With its air-power demonstration and possible armed intervention, NATO is sending a message to Yugoslav President Slobodan Milosevic that he should halt attacks in Kosovo, Defense Secretary William Cohen said Friday.

Cohen, in an interview with ABC Television, said he and his Russian counterpart, Gen. Igor Sergeyev, agreed "the situation is dangerous in terms of its capacity to expand even further, sending thousands of refugees into neighboring countries."

Russia opposes the military options NATO is considering for the Serbian province. Cohen said Sergeyev urged that a diplomatic solution must be found to the crisis and pointed to a meeting Monday in Moscow between Russian President Boris Yeltsin and Milosevic.

But Cohen warned that NATO's dim view of the crackdown in Kosovo not be taken too lightly.

The NATO alliance agrees "the bloodshed has to stop; that very strong message has to be sent to Mr. Milosevic that he has to cease and desist the slaughter, the shelling of villages and killing of innocent people and to resolve this peacefully," Cohen said.

"We're sending a signal that ... an air exercise will demonstrate that we have the capacity to mobilize very quickly and demonstrate rapidly deployable power. But secondly, it also demonstrates there is solidarity of support and consensus throughout NATO and beyond NATO itself," Cohen said.

Cohen met for 45 minutes with the Russian at NATO headquarters.

The meeting came a day after the NATO alliance approved a show-of-force air exercise over Yugoslav neighbors Albania and Macedonia. NATO also ordered options be drawn up for possible intervention in Kosovo, including direct air strikes or the use of ground troops.

NATO Secretary General Javier Solana said Thursday that Russia advised the alliance it would not participate in NATO's plans for an air exercise over Albania and Macedonia.

On Thursday, NATO ministers approved a package they hope will persuade Milosevic to pull back his Serb-led army and police forces in the province.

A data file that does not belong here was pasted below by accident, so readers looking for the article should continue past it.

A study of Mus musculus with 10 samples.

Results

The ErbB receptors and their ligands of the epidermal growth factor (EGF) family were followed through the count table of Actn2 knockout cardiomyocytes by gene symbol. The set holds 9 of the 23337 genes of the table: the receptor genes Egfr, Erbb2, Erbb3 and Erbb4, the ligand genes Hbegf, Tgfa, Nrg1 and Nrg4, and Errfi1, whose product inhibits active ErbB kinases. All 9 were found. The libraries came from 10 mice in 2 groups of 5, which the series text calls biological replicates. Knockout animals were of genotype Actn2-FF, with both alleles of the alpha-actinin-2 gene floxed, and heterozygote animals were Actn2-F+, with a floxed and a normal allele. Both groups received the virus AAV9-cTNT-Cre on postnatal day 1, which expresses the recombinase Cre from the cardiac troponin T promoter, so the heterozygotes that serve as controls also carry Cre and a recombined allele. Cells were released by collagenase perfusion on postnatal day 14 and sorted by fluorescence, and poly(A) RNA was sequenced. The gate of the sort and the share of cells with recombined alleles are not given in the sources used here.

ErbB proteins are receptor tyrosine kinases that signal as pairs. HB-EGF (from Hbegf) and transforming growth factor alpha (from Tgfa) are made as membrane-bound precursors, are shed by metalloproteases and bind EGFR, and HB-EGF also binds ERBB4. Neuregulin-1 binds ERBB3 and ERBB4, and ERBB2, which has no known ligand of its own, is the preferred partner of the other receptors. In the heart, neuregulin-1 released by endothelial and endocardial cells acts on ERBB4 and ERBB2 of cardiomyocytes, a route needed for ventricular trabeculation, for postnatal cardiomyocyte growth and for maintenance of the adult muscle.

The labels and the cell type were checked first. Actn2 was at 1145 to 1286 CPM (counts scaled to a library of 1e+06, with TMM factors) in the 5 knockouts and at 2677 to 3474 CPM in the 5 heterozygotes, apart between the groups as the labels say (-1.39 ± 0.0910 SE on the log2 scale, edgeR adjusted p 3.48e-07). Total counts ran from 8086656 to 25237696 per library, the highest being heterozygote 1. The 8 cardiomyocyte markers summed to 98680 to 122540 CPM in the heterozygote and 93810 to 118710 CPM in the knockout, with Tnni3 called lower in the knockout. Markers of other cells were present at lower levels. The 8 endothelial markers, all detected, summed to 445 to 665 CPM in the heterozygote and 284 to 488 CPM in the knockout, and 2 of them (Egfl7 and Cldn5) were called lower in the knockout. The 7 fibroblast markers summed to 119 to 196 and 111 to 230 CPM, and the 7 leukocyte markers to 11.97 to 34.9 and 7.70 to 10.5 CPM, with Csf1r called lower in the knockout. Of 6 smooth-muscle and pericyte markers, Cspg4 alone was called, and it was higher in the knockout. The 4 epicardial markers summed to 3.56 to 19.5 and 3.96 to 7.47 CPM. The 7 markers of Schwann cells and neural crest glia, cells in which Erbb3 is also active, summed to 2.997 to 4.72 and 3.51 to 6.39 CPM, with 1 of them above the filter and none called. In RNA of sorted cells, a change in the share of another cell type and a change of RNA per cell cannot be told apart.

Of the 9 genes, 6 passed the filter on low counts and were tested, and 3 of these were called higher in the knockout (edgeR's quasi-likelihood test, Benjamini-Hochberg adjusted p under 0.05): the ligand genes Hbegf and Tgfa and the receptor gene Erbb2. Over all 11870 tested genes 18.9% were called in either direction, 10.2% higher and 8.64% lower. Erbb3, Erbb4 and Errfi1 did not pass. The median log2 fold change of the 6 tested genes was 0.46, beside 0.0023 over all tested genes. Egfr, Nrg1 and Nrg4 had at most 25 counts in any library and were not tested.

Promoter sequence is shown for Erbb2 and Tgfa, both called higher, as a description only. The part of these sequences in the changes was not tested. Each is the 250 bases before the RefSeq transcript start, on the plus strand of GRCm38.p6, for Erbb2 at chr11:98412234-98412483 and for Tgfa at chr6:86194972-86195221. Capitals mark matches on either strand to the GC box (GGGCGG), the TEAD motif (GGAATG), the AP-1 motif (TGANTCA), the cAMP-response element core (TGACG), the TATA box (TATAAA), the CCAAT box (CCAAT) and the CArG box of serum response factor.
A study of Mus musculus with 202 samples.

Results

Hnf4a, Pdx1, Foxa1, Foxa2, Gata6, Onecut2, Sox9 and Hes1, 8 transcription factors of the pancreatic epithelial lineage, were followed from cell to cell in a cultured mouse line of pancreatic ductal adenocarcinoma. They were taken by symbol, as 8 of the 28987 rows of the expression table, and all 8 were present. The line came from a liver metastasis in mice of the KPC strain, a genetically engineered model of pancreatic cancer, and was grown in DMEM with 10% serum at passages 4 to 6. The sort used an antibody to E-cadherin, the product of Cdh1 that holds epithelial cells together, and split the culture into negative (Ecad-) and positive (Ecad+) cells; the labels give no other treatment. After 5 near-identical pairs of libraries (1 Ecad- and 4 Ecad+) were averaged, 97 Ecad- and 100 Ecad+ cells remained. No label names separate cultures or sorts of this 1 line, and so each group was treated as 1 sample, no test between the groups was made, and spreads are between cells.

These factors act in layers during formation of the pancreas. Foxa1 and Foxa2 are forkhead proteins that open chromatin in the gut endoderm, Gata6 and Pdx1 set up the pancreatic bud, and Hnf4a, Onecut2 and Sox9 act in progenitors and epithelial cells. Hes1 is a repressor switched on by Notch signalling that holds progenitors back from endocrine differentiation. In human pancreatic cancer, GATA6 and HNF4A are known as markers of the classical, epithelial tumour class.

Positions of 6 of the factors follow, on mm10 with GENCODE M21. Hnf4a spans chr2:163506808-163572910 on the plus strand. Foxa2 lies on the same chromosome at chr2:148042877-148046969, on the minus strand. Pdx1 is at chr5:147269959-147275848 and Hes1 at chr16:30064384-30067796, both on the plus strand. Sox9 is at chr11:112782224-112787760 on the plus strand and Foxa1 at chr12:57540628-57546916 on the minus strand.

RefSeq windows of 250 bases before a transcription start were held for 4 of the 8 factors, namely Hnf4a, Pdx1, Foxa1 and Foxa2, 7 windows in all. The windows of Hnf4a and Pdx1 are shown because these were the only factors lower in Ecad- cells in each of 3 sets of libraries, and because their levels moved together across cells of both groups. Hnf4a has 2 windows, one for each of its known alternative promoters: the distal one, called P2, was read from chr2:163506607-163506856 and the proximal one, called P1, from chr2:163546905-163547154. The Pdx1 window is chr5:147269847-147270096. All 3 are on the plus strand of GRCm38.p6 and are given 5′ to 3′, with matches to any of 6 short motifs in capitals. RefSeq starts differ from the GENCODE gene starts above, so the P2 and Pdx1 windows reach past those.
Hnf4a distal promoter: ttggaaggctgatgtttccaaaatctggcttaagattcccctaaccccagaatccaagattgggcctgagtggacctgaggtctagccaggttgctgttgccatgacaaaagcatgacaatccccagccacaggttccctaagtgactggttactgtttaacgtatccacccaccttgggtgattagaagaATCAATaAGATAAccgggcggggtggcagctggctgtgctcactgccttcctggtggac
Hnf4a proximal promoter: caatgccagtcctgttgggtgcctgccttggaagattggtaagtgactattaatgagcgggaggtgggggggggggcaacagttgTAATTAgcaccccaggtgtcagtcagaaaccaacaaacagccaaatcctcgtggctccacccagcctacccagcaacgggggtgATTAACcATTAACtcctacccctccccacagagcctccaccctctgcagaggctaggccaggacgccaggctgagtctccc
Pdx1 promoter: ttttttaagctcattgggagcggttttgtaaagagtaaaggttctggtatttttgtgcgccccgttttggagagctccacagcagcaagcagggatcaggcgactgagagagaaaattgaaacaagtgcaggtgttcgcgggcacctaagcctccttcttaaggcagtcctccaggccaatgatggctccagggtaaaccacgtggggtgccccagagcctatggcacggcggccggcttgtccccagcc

Under the measures, NATO will conduct simulated air attacks in Albania and Macedonia, probably next week, and study options for further actions ranging from accelerated planning for military exercises to direct air strikes inside Yugoslavia and use of ground troops.

This is aimed at persuading Milosevic to do three things: declare a cease-fire in Kosovo; withdraw his forces and end the repression of the ethnic Albanians; and open serious negotiations with the opposition.

In other developments:

  • Albania has asked the United Nations to support a plan for collecting tens of thousands of weapons looted from army barracks in last year's civil unrest, a senior official said on Friday. More than 600,000 weapns were stolen in the riots. Some of the weapons are being smuggled to ethnic Albanians fighting Serbian forces in neighboring Kosovo.
  • At least two Serbian policemen were killed and another wounded in clashes with ethnic Albanian separatists in Kosovo, Serbian and Albanian sources said Friday. The killings occurred near the town of Obilic, six miles from the provincial capital Pristina. Albanian sources said as many as four police may have died and one Albanian was wounded.
  • The Norwegian Air Force will begin airlifting emergency supplies Saturday to northern Albania, where at least 12,000 people have fled to escape fighting in Kosovo, the U.N. refugee agency said on Friday. In all, about 65,000 people have been forced to flee their homes in Kosovo since fighting in the Serbian province began in March, according to the Geneva-based agency.